It’s 2012. Can I get political or do I have to keep it under wraps if I call myself a professional?
A life of service in nonprofits often means addressing quality of life issues in the places we live and for the people and communities we serve. (Sometimes, it’s animals, trees or water we’re saving.) Even if you aren’t working on issues pertaining to people or for a political advocacy organization per se, the initiatives you support most likely have politics written all over them. As election season rolls around, your first instinct may be to jump right in and wave a flag of support for the issues on the ballot you care about most.
There is nothing wrong with showing your true colors, but how can you do that and still maintain professionalism in the workplace?
Dive in at an appropriate level. Older organizations may have established rapport around politics. In this situation, it’s easy to identify how comfortable your colleagues are discussing politics. However, most young professionals work in less established workplaces where this isn’t the case. If you want to talk politics in this situation, you are right at the beginning where you need to be.
Level 1: This is voter registration card territory. Keep it fairly neutral until you get the lay of the land. Don’t be forceful; just let people know you have a pile of registration cards for everyone. You can help get people out to the polls and that’s a cool thing. You’d be surprised how many of your colleagues who don’t pre-register (in Minnesota we don’t have to, but it makes things a heck of a lot easier come election day.) Limit issue and candidate banter to after work drinks with your friends, not colleagues.
Level 2: This is an advanced move for those who have been on the job for awhile and who are serious about their organization’s goals. Is there a political issue that may hinder or make your organization’s mission work more difficult? These are issues that are on the table for conversation, if they aren’t already part of your everyday banter. Your boss is probably up on the issues and may already have a plan of advocacy from an organizational standpoint. Yes, there are fine lines to getting involved in political advocacy, but there is a lot a nonprofit can do to show support for issues it cares about without breaking any rules. And, when employees are off the clock, they can do as much as they want. The Minnesota Council of Nonprofits has a great list of dos and donts for 501c(3)s wishing to get political.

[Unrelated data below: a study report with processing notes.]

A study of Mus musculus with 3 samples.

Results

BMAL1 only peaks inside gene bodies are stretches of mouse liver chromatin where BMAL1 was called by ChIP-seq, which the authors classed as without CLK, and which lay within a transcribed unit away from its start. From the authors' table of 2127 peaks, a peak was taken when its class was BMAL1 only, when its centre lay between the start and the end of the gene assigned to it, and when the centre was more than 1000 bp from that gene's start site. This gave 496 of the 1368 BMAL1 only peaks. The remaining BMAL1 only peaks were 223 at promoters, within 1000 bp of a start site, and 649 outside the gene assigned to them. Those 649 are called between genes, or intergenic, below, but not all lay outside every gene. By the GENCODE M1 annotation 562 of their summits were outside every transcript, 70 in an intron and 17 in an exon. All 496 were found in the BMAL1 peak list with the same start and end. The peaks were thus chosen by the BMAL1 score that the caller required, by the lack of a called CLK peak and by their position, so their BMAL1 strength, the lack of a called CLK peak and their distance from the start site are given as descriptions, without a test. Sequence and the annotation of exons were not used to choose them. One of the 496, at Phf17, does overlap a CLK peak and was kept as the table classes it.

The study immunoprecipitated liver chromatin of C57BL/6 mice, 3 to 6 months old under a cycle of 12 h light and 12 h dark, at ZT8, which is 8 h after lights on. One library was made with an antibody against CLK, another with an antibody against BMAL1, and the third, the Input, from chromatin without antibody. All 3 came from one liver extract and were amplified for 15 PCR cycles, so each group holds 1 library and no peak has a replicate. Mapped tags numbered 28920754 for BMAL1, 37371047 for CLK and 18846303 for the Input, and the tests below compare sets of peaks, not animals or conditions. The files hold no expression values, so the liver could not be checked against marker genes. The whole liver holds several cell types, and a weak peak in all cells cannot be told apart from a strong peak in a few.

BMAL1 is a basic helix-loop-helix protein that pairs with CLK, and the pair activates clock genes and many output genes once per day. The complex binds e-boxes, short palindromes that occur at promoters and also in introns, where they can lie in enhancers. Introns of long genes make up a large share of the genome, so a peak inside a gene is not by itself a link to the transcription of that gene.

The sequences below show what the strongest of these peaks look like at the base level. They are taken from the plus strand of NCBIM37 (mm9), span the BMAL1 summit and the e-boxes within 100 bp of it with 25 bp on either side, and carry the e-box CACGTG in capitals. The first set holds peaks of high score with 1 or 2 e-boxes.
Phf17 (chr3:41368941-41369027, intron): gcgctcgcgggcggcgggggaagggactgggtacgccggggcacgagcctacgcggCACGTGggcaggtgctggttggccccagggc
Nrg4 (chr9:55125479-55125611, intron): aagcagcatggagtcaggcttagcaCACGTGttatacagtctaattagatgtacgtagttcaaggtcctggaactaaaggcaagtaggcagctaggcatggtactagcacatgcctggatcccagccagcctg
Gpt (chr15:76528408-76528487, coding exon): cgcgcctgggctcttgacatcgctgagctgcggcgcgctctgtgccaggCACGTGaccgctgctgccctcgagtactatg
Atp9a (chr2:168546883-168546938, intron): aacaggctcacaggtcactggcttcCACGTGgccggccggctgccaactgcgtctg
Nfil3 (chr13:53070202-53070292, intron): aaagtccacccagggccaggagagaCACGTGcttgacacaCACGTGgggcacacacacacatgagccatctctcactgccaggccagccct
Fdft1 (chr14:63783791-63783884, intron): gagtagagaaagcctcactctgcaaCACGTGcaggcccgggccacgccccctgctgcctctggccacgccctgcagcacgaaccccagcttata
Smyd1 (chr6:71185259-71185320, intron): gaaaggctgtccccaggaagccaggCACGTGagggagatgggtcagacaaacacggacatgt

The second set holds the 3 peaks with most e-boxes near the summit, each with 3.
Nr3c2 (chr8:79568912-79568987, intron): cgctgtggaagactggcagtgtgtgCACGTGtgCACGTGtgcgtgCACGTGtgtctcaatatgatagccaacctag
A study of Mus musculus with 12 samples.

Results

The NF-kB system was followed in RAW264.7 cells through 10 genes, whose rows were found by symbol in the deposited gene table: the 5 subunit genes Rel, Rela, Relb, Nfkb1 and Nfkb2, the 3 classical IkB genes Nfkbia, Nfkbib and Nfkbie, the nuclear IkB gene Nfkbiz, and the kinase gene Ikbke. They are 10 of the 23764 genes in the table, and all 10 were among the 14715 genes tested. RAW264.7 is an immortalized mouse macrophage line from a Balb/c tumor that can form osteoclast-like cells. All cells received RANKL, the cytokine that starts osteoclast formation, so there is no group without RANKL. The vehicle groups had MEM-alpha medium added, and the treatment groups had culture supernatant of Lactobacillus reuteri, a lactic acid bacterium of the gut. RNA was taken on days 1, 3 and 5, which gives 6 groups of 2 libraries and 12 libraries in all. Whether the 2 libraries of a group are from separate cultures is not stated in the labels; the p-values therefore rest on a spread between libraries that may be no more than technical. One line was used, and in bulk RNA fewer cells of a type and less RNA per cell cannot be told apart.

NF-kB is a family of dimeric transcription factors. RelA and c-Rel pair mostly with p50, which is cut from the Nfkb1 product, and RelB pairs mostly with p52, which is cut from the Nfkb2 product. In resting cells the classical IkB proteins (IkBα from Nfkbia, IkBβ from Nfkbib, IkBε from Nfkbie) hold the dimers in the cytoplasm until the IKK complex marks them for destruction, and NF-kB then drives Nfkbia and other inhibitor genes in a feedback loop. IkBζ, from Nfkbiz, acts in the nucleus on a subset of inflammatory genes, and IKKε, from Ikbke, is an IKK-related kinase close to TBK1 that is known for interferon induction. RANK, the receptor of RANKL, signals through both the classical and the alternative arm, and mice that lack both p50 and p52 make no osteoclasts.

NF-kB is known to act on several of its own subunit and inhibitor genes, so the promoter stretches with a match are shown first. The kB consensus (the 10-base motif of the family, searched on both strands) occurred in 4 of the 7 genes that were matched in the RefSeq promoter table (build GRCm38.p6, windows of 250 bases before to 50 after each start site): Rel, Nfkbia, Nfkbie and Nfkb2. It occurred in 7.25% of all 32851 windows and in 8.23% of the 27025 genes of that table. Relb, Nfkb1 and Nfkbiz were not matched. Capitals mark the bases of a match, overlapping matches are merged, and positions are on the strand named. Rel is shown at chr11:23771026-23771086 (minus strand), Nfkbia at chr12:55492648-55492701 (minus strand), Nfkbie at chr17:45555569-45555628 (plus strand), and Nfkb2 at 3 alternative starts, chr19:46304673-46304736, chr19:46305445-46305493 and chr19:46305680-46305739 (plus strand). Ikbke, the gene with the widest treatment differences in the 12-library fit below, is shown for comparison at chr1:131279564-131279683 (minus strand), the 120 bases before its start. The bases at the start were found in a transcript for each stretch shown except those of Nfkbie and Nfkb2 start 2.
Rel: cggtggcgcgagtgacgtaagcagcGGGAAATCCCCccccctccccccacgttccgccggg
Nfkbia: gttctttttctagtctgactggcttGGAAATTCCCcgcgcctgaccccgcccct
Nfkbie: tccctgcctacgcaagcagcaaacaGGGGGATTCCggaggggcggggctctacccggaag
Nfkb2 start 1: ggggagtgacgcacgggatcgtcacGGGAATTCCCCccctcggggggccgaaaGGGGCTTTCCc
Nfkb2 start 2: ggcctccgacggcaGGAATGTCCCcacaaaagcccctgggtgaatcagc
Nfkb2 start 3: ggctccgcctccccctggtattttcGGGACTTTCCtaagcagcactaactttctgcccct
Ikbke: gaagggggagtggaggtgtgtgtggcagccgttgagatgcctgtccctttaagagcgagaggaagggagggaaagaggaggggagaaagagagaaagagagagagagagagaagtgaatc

Level 3: Most banter at this level is off the clock--or NFW (Not for Work)-- material. However, some work relationships have long-term personal connections that stand the test of time and politics. These are the folks you can debate at dinner with, invite to door knock with you and be bumper sticker buds with! If you have work relationships that are at this level take advantage of the opportunity to support issues during election season together, after work hours and as much as possible. Keep this level out of the general work and social spaces: #nonworkemails, please!
In order to be inclusive, you’ll want to foster a sense of team. Both newbies and those who aren’t involved in your circle should not feel forced to navigate an unspoken workplace norm.
Last but not least, when you are free to talk about politics whether in work or your personal life, make sure you know the issues. Don’t support something by assumption. The last thing you want is to earn workplace cred for being an absentminded, frontline supporter of a candidate or group that turns out to be an absolute crazzleberry.
Do you have any advice on how to participate in politics while maintaining professionalism in the workplace? Or, have you learned from any political missteps at the office?